The above graphic was doing the rounds of the Internet the other day. I was tossing it back and forth with one of my Facebook friends, discussing its theological merits (or otherwise), when it occurred to me that this person (whoever he or she was; the attribution has been lost) actually had put a finger on the real problem with Christianity: it’s the Bible.
Bear with me now, because I’m analyzing (some will say attacking) one of the most popular books in the world.
You see, the big strength of Christianity (also its main fault) is its nature as a copycat. Christianity may have started in Judea, but it didn’t really get going until it became the official religion of the Roman Empire. And the Romans copied everything. They copied the Greek gods, engineering and art. When they were attacked by barbarians, they didn’t beat them down, they offered them land to live on and incorporated them and their culture into the Roman Empire. So when the Romans were trying to enforce their new religion on the whole of that polyglot Empire, they borrowed as well. Everybody knows they borrowed Christmas and all its traditions. They also borrowed the resurrection from the Isis myth of Egypt. They borrowed the wine ritual from the Greek god, Dionysus. And sadly, because the Jews were so important at the beginning, they borrowed the Old Testament. The whole thing.
The problem with this little act of acquisition was that Jesus was a rebel. He was against everything that the Pharisees stood for. And their Bible, which became our Old Testament, was the basis for the Jewish faith, with which He took strong issue.
The Old Testament is a set of historical documents chronicling a tribe of nomads who stormed out of the desert into Judea somewhere around 1300 BC and threw out the Canaanites who lived there. Much as their modern Muslim foe did in 600 AD. The Hebrews have spent the next 3300 years trying to change as little as possible. It’s how they survive as a people. “Tradition!” As the song goes.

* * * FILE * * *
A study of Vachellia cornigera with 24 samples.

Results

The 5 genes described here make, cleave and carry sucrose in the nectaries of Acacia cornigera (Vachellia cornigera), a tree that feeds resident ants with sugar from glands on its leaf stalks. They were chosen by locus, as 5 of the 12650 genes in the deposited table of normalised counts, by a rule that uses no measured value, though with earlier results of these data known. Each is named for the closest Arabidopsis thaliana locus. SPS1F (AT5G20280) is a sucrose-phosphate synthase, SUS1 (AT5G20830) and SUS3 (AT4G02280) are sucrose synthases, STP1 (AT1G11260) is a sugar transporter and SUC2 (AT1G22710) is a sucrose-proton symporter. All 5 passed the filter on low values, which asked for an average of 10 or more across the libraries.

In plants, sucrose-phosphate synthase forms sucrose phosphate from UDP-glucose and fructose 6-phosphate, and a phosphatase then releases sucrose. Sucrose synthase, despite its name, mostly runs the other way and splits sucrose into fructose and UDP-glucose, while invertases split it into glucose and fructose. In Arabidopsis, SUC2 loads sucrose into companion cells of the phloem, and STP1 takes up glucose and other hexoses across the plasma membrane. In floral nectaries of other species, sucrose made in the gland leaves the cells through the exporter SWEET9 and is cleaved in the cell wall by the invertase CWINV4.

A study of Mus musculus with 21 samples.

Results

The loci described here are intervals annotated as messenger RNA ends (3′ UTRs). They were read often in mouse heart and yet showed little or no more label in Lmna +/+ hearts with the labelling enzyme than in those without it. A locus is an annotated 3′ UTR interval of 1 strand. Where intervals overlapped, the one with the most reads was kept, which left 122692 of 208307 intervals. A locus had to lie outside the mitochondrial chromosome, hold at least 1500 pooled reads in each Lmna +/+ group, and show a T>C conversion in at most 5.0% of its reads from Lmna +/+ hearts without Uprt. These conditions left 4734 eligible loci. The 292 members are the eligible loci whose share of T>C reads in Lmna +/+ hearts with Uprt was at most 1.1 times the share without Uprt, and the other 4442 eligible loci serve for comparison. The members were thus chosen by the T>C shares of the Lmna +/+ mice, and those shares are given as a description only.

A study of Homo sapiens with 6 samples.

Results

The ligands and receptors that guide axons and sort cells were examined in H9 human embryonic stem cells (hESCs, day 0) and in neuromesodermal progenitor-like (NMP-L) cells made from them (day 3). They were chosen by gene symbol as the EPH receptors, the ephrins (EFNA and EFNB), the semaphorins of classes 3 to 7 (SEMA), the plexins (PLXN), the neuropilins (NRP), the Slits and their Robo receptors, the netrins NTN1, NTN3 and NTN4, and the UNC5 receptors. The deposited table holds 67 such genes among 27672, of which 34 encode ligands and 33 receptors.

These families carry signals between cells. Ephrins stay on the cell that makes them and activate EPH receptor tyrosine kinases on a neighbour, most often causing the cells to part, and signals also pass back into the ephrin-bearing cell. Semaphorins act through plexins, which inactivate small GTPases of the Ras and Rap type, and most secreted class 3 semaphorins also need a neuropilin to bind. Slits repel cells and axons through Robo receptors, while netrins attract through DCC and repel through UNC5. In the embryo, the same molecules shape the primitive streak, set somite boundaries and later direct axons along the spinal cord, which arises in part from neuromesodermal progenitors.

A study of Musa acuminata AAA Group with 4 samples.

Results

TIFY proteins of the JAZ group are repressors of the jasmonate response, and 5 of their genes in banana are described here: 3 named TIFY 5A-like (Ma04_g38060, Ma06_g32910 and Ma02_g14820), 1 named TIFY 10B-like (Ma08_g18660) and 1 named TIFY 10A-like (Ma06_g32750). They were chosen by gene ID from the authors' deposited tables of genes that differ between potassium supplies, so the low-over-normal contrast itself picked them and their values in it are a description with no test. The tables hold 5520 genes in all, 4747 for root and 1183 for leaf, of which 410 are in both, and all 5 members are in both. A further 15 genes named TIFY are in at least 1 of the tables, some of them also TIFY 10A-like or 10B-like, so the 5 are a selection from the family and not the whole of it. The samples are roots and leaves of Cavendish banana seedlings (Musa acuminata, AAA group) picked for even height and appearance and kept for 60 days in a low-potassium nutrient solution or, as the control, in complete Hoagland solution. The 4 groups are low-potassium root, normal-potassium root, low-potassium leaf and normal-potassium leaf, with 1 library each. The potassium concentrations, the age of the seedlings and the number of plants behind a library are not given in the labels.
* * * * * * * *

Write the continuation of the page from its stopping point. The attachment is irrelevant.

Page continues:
Christianity started around 30 AD as a rebellion against the ideas and restrictions of that old order, and it has been changing and adapting ever since. I know it doesn’t seem like that, but even the Roman Catholic Church had a Counter-Reformation.
As the guy who made the poster above has noted, putting the two pieces of literature together has created, instead of a unified religious tract, more of a thesis and antithesis. One says, “This is how it was,” the other, “This is how it should be.”
So all those people who take both halves of the Bible as gospel (sorry) are trying to reconcile two opposing camps in a 2000-year old argument. Sure, it means that the Christian religion can appeal to all sorts (sadly, it does). But it also means that people who believe in loving their brother and turning one’s cheek to the enemy are also supposed to espouse an eye for an eye. It just don’t compute. The best that moderate Christians can do is the old, “We don’t take it literally,” line.
If Thine Eye Offends, Thee, Buddy, Pluck it Out.
If half of the book that your religion follows is full of ideals directly counter to the ones you believe in, may I humbly suggest that you get rid of that half? It might cut down your congregation, but it would certainly help curb the violence in the world.
Because religious “belief” can be used to rationalize a lot of nasty behaviour. Whether you’re a Hun riding your desert pony out of the steppes of Georgia, or a redneck driving your pickup out of the Appalachian Mountains of Georgia, “an eye for an eye” sounds great. It explains why so many so-called Christians could vote for a violent, unChristian sexual offender and pathological liar.
Whoever you believe He was, Jesus of Nazareth gave us a useful handle on how to live together in peace, and we need more of that right now. If all those Christians would start acting in a Christian way, the world would be better off. And a good first step would be to get rid of the Old Testament.
Not That This Will Happen
Because the guy who created the poster above is way off base. The moment he says he’s going to “disprove someone’s belief,” he might as well shut up and go home. It’s not going to do any good, because they won’t believe him. They believe. Nothing to do with logic or proofs.
Thinking he can disprove their belief makes him just another self-righteous crazy, trolling Facebook for other crazies who will “Like” him as good bobble-heads do, and validate his own belief, which I consider pretty nutso as well.
But that’s okay. He’s not going to listen to me either.
Facebook Joke of the Week:
Trump can’t keep all those Muslims out of America. They’ll just pretend to be Christians. Like the Republicans do.